Okay, so it wasn’t the Oscars and I wasn’t an Oscar winner, like Hilary Swank who forgot to thank her husband when she won for her role in Million Dollar Baby. And, no, it wasn’t a wedding where I forgot to thank my parents for throwing the party, or thank my new in-laws for welcoming me into their family. But at my recent double-book launch for my new books, the novel “The Lucky Sperm Club” and the non-fiction “How to Raise a Boyfriend,” I did have to make a speech in a roomful of people and I did have to thank people and, yes – argh! – I did forget to thank some people, and I feel awful about it.
Although it wasn’t the Oscars and just a book launch, I take my book launches seriously. Unfortunately, I didn’t prepare a speech. I thought I would be just fine going off the top of my head – wrong, wrong, wrong.
Because my book launch occurred on the night of that major storm, I had been too stressed all day about whether people would show up or not (they did) and fielding calls about whether it was still on (it was).
So, when I found myself in front of the microphone, I had no cue cards to read of off. I didn’t even have a napkin that I had scribbled names on to remind me who I had to thank. (And I did have some champagne – which makes me funnier… but dumber).
Right after I finished my speech, I was just glad it was over. I thought I had covered all my bases – my family, friends, all those who came out during the storm, my publishers, my editors. But as soon as I walked back into the crowd, one of my freelance publicists said, “You didn’t thank me! Was that on purpose?” I felt awful. Of course it wasn’t on purpose. But I also felt it was a little inappropriate. I mean, it wasn’t exactly the best time to make me feel horrible considering I was supposed to be celebrating and hosting a party.
I also forgot to thank my assistant. Now this I felt really bad about. She’s become one of the most important people in my life and did so much work to help set up the book launch. I did apologize to her after, asking, “Did I thank you?”
She responded with, “No, but don’t worry about it. It’s nothing. Really, I don’t care.” Which was super generous of her and made me feel even worse.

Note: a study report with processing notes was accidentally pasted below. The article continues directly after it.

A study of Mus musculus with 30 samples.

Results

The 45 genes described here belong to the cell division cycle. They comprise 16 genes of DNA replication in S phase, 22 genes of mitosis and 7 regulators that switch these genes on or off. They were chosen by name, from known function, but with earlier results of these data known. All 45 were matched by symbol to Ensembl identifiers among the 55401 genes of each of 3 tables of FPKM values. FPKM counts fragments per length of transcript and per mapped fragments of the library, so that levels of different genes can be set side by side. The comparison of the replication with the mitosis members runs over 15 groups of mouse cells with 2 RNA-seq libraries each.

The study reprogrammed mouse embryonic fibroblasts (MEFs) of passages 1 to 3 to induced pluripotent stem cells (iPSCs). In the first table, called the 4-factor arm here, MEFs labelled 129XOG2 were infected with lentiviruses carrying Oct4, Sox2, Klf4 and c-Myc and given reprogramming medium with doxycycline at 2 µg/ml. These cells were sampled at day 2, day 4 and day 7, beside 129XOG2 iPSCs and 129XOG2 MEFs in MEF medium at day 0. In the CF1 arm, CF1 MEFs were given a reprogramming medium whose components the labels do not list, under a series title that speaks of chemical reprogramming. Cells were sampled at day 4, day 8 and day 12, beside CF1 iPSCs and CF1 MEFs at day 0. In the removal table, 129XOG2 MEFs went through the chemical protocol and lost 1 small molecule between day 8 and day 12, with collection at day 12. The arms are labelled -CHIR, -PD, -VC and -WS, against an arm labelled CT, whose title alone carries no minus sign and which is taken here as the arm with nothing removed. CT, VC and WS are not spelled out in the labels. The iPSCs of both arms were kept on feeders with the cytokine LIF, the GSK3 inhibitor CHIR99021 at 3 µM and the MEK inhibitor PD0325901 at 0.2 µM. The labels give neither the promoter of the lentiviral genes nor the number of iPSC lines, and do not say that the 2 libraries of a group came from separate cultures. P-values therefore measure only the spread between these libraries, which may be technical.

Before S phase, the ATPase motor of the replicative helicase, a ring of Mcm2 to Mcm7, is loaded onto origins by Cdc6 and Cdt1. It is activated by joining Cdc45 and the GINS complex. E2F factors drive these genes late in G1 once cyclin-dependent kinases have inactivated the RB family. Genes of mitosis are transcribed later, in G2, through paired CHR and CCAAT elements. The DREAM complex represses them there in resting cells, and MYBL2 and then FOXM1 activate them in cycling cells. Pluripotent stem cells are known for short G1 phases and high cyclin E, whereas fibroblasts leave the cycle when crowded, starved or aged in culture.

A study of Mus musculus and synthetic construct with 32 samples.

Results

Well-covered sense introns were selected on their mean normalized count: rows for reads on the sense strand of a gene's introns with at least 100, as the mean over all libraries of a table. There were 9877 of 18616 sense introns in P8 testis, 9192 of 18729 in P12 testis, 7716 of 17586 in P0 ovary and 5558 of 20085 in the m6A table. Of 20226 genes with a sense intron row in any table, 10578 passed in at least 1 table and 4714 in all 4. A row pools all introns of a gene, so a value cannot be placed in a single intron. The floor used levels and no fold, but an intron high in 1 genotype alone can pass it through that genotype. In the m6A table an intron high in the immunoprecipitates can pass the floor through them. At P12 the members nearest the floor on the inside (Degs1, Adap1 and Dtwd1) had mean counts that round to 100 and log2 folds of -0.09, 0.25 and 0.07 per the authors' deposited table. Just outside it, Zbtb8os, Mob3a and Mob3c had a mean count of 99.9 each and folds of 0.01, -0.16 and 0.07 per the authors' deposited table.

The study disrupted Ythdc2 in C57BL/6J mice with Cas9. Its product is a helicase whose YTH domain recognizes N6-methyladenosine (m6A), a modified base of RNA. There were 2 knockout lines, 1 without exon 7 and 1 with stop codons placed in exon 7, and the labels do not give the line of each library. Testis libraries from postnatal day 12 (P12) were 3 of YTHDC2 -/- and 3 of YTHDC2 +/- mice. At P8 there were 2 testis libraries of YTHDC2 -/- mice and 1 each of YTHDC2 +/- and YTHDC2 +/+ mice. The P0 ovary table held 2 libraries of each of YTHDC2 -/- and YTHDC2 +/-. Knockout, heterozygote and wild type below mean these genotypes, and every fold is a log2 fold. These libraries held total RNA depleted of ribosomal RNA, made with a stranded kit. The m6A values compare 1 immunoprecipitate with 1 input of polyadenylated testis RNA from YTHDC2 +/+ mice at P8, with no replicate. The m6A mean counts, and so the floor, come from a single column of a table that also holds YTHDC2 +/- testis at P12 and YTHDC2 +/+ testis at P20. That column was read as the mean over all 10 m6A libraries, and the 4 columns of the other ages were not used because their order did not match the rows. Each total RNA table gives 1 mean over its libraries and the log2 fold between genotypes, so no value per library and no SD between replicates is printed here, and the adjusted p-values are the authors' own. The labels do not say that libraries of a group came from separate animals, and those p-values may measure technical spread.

How did Hilary Swank deal with forgetting to thank her husband in her speech?
On the other hand, who wants to be the person who thanks everyone – your attorneys and your third grade teacher and the guy who’s nice to you at the grocery store. People just get bored, people don’t like long thank you speeches.
So I spoke with an expert, a friend of mine who does a lot of speeches to ask what should and shouldn’t be done with speeches.
1. He says I should have been prepared: “Did you not thank her because she didn’t do a good job?” he asked.
“No!” I professed, “I really just forgot.” He says I should send her flowers.
2. He says that it’s important to thank everyone in the room: But, it can be done in a quick, sincere way. Something like, “I appreciate all of you coming out, especially in this weather. I’m so grateful to have people in my life like you.”
3. I told him that I did want to thank certain people, individually, who really did help the books come together: “That’s fine. But if you really wanted to do that, and do it right, and not forget anyone, then you should have at least made a list and memorized it or have it in front of you.” (I know. I know. Lesson learned!)
4. He does agree however, that if you feel left out because your name wasn’t mentioned in a speech at an event, that it’s not the time or place to mention it: “That’s very unprofessional. If it really bothers you, you could make a phone call the next day or send an e-mail gently mentioning that you felt slighted.” He continues, “However, by the next day, if it’s not your husband, they probably would be over it and realize that it was just a mistake.”
5. As for my assistant, he says, I should definitely send her something: “Not just because you forgot to thank her, but because she did a good job, and that job should be recognized.”
In any case, at least I didn’t forget to thank my husband. But only, perhaps, because I don’t have one.